The neverending speakership-election debacle that’s left Congress in an unprecedented legal limbo has also stranded George Santos, the member-elect who fabricated several aspects of his resume, in his own void. Santos — and the other freshmen members of Congress — have not been sworn in, and won’t be until the ongoing feud within the Republican Party reaches a truce and members finally elect a House speaker.
TPM spoke with experts to find out whether the floor fight might affect his future. The consensus was that neither the scandal nor pending investigations are likely to stop Santos from being seated.
The Constitution only has three qualifying criteria for seating a new member of the House: They must be at least 25-year-old, must have been a U.S. citizen for at least seven years, and must be a resident of the state in which they were elected. This ironclad rule was set in 1969 when the House tried to bar Adam Clayton Powell, the first Black lawmaker to represent New York, from his House seat due to allegations he had misappropriated committee funds. Powell and voters from his district sued and the case made it all the way up to the Supreme Court, which ruled that elected House members can’t be excluded if they meet the criteria.
“They tried to exclude him on ethics grounds,” Charles Tiefer, a law professor at the University of Baltimore and former deputy general counsel for the House, told TPM. “And the Supreme Court said, No, you can’t do that. As long as you meet the requirements of age and residency, you must seat him.”
That same principle applies to Santos, even though he has become the target of several prosecutors since his fraudulent backstory was highlighted by the New York Times. As of Thursday, Santos is being investigated by the Nassau County district attorney’s office, the U.S. attorney’s office for the Eastern District of New York, and the New York attorney general for falsifying his resume on the campaign, as well as Brazilian law enforcement for an embezzlement charge from 2008.
Stanley Brand, a former federal prosecutor and distinguished fellow in law and government at Penn State’s DIckinson School of Law, said Santos could still serve his congressional term even if he’s prosecuted.
“The House has usually taken the position, correctly, that they can’t discipline a member for conduct occurring before he was a member,” Brand said. “Even if he were charged, he would still be able to serve pending trial, conviction and sentencing.”
But Santos could still face other consequences. Congress is allowed to set its own rules, like refusing to place him on any committees. For example, the House voted 230-199 last year to strip Rep. Marjorie Taylor Greene (R-GA) of all of her committee assignments after she trafficked conspiracy theories and incited violence against Democrats before taking office.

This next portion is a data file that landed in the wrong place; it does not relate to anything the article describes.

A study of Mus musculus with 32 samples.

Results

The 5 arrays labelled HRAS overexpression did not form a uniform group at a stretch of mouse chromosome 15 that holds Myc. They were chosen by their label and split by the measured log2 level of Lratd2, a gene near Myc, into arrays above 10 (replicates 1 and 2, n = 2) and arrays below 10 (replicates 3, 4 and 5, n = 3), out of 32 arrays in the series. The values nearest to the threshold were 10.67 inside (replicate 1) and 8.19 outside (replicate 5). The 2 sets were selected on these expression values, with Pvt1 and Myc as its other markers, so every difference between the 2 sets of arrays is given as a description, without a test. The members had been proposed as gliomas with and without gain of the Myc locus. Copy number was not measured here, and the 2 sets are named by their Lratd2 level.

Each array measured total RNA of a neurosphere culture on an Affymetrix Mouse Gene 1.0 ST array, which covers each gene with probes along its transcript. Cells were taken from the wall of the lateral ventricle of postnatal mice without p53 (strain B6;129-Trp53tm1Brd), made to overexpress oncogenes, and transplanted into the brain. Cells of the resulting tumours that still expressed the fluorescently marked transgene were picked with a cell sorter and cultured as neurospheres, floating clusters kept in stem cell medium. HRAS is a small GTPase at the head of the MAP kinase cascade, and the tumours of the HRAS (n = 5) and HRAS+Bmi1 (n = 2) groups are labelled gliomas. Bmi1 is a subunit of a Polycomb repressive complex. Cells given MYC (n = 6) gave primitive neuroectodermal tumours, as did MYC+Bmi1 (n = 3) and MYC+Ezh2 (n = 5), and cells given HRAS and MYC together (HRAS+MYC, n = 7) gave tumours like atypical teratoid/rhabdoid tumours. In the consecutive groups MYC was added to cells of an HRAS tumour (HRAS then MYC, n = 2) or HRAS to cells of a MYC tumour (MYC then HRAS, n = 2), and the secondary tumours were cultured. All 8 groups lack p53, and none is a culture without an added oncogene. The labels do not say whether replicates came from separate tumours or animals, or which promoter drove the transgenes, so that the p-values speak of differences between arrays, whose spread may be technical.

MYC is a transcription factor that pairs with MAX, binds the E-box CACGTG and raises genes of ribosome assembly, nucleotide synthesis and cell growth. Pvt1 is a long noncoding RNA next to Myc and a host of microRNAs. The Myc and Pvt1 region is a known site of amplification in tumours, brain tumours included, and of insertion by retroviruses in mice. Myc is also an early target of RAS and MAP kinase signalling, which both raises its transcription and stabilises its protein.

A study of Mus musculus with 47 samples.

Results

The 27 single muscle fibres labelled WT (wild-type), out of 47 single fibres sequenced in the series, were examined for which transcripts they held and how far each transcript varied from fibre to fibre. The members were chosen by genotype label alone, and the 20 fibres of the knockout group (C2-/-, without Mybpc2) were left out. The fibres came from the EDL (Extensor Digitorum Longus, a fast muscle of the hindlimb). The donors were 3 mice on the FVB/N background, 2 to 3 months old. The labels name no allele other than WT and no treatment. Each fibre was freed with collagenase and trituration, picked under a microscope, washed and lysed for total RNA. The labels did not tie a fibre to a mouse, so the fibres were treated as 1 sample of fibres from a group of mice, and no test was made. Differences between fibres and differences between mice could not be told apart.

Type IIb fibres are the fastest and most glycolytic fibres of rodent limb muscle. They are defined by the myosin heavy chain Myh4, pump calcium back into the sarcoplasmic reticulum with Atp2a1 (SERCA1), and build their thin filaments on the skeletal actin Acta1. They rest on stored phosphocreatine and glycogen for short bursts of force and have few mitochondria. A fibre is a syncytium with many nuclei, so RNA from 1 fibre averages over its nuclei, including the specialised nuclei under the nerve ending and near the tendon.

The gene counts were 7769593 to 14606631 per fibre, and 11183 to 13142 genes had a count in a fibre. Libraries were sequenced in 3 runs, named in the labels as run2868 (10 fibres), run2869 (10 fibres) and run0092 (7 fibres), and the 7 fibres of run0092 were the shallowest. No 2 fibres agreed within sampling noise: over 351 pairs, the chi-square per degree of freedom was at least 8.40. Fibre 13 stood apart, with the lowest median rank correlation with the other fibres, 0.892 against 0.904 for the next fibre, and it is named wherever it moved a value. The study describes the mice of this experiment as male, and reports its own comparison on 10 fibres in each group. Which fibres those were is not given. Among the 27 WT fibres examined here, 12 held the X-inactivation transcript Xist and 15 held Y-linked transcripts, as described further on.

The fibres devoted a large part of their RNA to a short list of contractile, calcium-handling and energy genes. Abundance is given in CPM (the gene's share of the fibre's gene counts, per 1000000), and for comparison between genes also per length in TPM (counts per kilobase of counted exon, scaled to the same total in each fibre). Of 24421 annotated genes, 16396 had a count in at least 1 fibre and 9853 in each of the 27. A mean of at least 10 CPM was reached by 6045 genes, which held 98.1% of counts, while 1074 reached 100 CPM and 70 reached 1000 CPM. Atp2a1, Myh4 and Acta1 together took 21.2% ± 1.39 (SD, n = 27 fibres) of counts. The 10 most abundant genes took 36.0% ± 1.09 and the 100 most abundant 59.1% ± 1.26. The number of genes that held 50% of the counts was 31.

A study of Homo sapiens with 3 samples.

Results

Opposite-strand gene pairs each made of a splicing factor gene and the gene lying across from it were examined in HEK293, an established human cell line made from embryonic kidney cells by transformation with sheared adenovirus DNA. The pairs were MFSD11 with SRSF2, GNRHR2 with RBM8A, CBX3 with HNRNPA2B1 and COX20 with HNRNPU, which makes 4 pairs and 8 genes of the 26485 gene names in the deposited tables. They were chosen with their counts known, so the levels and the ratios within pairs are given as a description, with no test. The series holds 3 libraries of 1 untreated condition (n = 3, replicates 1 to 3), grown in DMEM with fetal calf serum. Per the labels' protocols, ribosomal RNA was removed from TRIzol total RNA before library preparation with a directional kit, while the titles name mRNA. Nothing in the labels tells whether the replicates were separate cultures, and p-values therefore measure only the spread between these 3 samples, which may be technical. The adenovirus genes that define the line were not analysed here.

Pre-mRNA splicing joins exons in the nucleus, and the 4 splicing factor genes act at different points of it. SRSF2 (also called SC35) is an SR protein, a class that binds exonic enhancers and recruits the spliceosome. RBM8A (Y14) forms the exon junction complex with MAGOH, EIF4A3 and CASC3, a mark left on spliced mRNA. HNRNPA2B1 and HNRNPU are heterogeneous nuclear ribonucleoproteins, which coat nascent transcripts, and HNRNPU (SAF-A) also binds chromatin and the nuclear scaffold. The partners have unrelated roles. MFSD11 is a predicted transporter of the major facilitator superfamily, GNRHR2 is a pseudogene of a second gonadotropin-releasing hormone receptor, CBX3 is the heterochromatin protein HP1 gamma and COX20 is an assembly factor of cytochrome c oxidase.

Becoming a House member also won’t protect Santos from prosecution. The Constitution’s Speech or Debate Clause provides lawmakers with a certain level of immunity from criminal prosecution in matters regarding legislative acts. However, that doesn’t give Santos in particular that much cover.
“Even a broad definition of the term ‘legislative acts’ does not include alleged conduct occurring before a Member-elect is sworn in,” Robert Walker, former counsel for various House and Senate committees, told TPM via email.
“Those would be things that he would do as a member of the House or on committee or in voting, debating, et cetera,” Stanley Brand, a former federal prosecutor, said. “All the things that happened prior to his ascension to office would be open to investigation by federal and state authorities.”
Santos’ past includes a stint at a company that the SEC has described as a “ponzi scheme” and appears to be in the midst of an ongoing investigation. It is unclear whether the probes into the congressman stem from his campaign-trail fabrications or another offense.
And what about that lingering embezzlement charge out of Rio? Experts say that the U.S. would have to agree to extradite Santos to Brazil to be prosecuted, but that, too, is highly unlikely.
“I can’t honestly fathom our federal government agreeing to extradite the congressman,” Marybeth Beller, an associate professor of political science at Marshall University, said. “I’m not sure that there will be any gain for the United States to actually do that.”
Overall, short of a conviction, Santos will almost certainly stick around on Capitol Hill. In the past, House members who faced criminal charges opted to resign. Tiefer, however, pointed out that Santos technically wouldn’t even have to do that.
“As long as he doesn’t resign,” Tiefer said of Santos, “he can serve from a prison cell.” Such stubbornness, however, would be unprecedented.
Ultimately, Santos’s embellishments on the campaign trail introduce a thorny question for congressional politics that Brand describes as a “slippery slope”: How much lying is too much?
“Politicians say all kinds of things when they’re running for election,” he said. “What’s the line between a falsehood that’s typically recognized as part of a political give-and-take, and what’s a lie that goes to the heart of your ability to be elected? That’s never been litigated.”